Linguists Daniel Midgley and Hedvig Skirgård and smart person Ben Ainslie tackle language change, language tech, new words, society, minority languages, language and the mind, and much more.
Daniel teaches linguistics at the University of Western Australia. Hedvig is a linguist at ANU studying Pacific languages. Ben teaches media studies to the next generation of Western Australia’s secondary school students. Together, they look at language in all its variety and splendour while listening to some great tunes.
Wednesday 18th September 2019
You might do nothing. You might do zilch. But if you do bugger all, you're really doing the minimum.
But wait — how did the phrase "bugger all" become a negative, in the complete absence of any negative words?
There are larger forces at work here, and Dr Isabelle Burke joins us to explain them on this episode of Talk the Talk.
Wednesday 11th September 2019
The mail keeps coming, and we keep answering.
• Is English really a dialect of Chinese?
• Why do people say “uncomfortableness”, when we already have “discomfort”?
• Are "ankh” and “anchor” related?
• How does learning traditional languages help communities?
• Is there a better Noongar word for “white fella” if you’re not a fellow?
• Is “mire” one syllable or two?
• Why do people say they're “finna” do something?
• Where does the word “Carlton" come from?
• And listeners report back on “yeah no” in other languages.
All this and more on this episode of Talk the Talk.
Wednesday 4th September 2019
Some parts of the world are packed with languages. Others not so much.
Is there a reason that some places are linguistically dense? Researchers are turning up connections between biological ecology and language ecology.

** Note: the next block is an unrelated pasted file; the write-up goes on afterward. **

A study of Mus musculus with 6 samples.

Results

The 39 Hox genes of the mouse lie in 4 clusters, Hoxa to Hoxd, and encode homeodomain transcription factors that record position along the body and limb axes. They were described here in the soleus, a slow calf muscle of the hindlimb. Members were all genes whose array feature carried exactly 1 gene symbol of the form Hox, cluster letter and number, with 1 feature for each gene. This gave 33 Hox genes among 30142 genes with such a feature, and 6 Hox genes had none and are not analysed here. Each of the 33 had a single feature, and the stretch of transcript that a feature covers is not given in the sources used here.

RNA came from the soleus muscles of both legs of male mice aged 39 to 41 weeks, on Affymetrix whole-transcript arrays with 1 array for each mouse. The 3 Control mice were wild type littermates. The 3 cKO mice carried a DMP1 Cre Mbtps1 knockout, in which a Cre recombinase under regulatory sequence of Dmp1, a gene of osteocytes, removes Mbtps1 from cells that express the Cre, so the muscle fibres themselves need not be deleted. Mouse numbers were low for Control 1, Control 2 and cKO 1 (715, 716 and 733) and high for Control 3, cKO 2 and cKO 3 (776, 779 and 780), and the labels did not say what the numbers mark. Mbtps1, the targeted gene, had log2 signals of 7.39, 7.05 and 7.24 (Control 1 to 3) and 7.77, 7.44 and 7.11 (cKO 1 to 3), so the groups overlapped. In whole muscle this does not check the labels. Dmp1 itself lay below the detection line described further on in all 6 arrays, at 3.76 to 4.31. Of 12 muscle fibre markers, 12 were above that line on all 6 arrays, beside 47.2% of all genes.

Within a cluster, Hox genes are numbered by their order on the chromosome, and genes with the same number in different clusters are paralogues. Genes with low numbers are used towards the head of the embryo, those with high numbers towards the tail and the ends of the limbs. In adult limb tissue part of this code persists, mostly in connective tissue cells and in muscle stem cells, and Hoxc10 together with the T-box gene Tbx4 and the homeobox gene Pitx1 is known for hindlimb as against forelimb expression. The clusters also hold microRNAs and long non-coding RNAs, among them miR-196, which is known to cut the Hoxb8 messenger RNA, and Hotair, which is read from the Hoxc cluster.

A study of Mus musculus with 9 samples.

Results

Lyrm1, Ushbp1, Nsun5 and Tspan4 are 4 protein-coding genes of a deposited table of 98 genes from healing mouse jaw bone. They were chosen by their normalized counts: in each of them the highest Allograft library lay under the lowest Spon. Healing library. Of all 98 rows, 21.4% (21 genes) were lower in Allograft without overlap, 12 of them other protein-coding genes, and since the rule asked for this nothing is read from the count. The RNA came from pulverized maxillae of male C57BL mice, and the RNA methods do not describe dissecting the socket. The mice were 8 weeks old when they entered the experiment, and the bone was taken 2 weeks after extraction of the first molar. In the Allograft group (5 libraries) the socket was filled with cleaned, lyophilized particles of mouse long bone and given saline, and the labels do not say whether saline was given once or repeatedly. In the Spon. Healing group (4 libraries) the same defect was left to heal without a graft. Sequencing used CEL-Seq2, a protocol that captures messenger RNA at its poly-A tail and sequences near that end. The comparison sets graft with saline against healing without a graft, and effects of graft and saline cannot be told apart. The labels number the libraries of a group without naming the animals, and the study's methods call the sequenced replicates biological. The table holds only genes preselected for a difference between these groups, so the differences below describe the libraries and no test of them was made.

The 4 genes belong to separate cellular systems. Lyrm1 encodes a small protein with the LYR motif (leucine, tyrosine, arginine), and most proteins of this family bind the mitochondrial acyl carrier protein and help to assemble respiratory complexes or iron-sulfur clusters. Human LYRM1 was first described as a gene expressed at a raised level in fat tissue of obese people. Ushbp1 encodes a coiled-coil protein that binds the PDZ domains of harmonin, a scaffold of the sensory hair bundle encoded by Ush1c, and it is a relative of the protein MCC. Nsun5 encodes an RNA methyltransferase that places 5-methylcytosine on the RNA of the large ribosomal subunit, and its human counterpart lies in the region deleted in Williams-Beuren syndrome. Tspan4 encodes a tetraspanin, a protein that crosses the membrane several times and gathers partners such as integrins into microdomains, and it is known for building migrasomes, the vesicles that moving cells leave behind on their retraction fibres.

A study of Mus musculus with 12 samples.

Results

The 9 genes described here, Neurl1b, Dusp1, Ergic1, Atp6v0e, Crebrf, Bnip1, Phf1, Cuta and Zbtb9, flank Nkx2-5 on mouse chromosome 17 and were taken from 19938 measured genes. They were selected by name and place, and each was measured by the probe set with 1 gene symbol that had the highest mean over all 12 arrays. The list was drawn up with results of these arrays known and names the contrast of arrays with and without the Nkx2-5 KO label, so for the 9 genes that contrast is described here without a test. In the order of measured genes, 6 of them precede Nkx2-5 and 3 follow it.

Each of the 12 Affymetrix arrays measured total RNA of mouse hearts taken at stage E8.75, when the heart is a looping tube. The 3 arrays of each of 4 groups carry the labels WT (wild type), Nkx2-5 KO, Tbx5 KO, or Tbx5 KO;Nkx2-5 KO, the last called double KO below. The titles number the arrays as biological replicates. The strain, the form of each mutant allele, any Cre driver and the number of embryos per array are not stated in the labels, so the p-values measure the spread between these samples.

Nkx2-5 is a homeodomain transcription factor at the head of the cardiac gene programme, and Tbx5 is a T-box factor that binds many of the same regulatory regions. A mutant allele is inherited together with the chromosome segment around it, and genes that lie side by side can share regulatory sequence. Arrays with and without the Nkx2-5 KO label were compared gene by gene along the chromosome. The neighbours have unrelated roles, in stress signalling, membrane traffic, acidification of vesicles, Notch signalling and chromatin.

Xia Hua studies language diversity, and we're talking to her on this episode of Talk the Talk.
Tuesday 27th August 2019
Why are some languages more systematic than others?
We often hear about the irregularities in English, and other languages have them as well. But new work shows that systematicity in a language is influenced by the number of speakers in the community. How does that work?
Language researcher Limor Raviv joins Daniel, Ben, and Hedvig on this episode of Talk the Talk.
Tuesday 30th July 2019
We're opening up the Mailbag for another episode.
Are sneezes written the same way everywhere?
Do all languages have rhyming name games?
Can all languages do all the things?
Why does "this and that" sound normal, but "that and this" sounds weird?
Why are people saying "process-eez"?
And what's with "yeah nah"?
All these and more on this episode of Talk the Talk.
Tuesday 23rd July 2019
The rules are changing. Here's the manual.
Gretchen McCulloch's book Because Internet is a look at how people use language on the net to communicate and to show identity. How do people laugh online? How is emoji like gesture?
It's a deep dive into internet language on this episode of Talk the Talk.
Thursday 18th July 2019
Take a tornado. Add some sharks. You've got a sharknado.
But it's not just sharks that can leap out of their normal context. It looks like -nado is jumping free and becoming a combining form — a part of a word that is becoming its own productive morpheme, as in firenado.
What others are there? We'll find out on this episode of Talk the Talk.
Tuesday 9th July 2019
Names are what they are, and as long as they work, they work.
But sometimes in the history of naming, people name things in a manner inapt to their nature or origin. So what's the story behind words like atom, peanut, and strawberry?
Daniel is unravelling these stories and more on this episode of Talk the Talk.
Tuesday 25th June 2019
If you're at a park in New York City, you may see someone at a table offering free grammar advice.
That person is writer Ellen Jovin, and people come to her Grammar Table for tips on usage, punctuation, and life in general. What motivates her to do this? What questions does she get? And how does the team stack up to her knowledge?
Ellen joins us on this episode of Talk the Talk.
All live musical performances are included in our podcasts with the express permission of artists, who reserve all other rights in their music. All music used in our podcasts is licensed under an APRA Community Broadcasting license agreement.